Migrant domestic workers carry placards during a protest in the Lebanese capital Beirut on 5 May 2019, to call for the abolishment of the sponsorship (kafala) system and for the inclusion of domestic workers in Lebanese labour laws. [ANWAR AMRO/AFP via Getty Images]
Migrant domestic workers carry placards during a protest in the Lebanese capital Beirut on 5 May 2019, to call for the abolishment of the sponsorship (kafala) system and for the inclusion of domestic workers in Lebanese labour laws. [ANWAR AMRO/AFP via Getty Images]

A migrant domestic worker has taken her former employer to court in Lebanon alleging slavery and slave trading.

The lawsuit, which was brought to court by the London-based non-profit group, Legal Action Worldwide (LAW), marks the first criminal case of its kind in the Middle East.

Ethiopian Meseret Hailu Deneke, 37, says that she was exploited and treated like a slave by her employer, May Saadeh, 49, alongside the recruitment agency that brought her to Lebanon.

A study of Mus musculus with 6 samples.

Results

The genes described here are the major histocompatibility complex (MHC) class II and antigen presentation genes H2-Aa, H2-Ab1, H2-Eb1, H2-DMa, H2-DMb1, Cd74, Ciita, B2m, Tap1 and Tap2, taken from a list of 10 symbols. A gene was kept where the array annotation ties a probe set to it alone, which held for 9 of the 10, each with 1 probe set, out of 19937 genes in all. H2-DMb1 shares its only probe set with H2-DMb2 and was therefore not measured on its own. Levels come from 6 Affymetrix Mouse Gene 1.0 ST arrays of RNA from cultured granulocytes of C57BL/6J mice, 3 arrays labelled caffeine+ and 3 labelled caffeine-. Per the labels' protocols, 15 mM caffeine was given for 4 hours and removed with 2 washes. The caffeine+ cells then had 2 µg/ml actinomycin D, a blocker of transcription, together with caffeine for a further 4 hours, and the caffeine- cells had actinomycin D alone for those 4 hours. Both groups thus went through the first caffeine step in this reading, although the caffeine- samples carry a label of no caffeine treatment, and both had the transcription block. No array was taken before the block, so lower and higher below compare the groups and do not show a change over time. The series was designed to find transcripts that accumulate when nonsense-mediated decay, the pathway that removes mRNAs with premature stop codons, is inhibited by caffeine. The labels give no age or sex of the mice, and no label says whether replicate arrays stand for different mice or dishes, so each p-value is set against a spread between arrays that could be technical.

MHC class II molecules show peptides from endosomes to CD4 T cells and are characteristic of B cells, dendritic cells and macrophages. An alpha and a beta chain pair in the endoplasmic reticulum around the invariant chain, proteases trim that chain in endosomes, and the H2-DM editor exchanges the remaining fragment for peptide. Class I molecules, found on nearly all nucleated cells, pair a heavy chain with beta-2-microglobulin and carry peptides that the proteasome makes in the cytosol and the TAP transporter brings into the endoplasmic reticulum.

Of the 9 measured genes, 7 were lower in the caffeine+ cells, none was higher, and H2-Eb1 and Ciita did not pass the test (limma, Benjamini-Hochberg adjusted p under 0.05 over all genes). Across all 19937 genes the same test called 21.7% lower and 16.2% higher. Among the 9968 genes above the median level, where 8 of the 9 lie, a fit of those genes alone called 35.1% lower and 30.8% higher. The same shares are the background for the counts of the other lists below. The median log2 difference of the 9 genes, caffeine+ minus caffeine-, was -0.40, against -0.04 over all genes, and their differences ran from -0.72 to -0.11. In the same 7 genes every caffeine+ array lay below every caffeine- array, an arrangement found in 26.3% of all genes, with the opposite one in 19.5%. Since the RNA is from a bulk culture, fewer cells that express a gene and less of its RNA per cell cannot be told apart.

Deneke alleges that she was forced to work without pay for seven years and during that time was beaten and prohibited from communicating with the outside world. Her family say that after years of no communication, they sought the help of Ethiopian lawyers and activists, who finally located and returned her home in 2019.


A preliminary hearing took place yesterday in Justice Palais, Baabda, Mount Lebanon, which was attended by the employer, Saadeh. However, the recruitment agency accused in the lawsuit of slave trading did not appear.

While LAW requested an arrest warrant for the recruiter, the judge was reportedly unable to do so as their identity remains unknown. The case will be heard again on 31 March.

An estimated 250,000 migrant domestic workers are currently in Lebanon, predominantly from countries across Africa and Asia. Many are ensnared by the kafala system, which effectively ties the legal residency of a worker to the contractual relationship with an employer.

Under this form of sponsorship, migrants are excluded from Lebanon's labour laws and are not protected from exploitative conditions. In turn, a migrant is vulnerable to exploitation, as they fear losing their residency status and being deported.

Convictions for kafala system related crimes are extremely rare in Lebanon.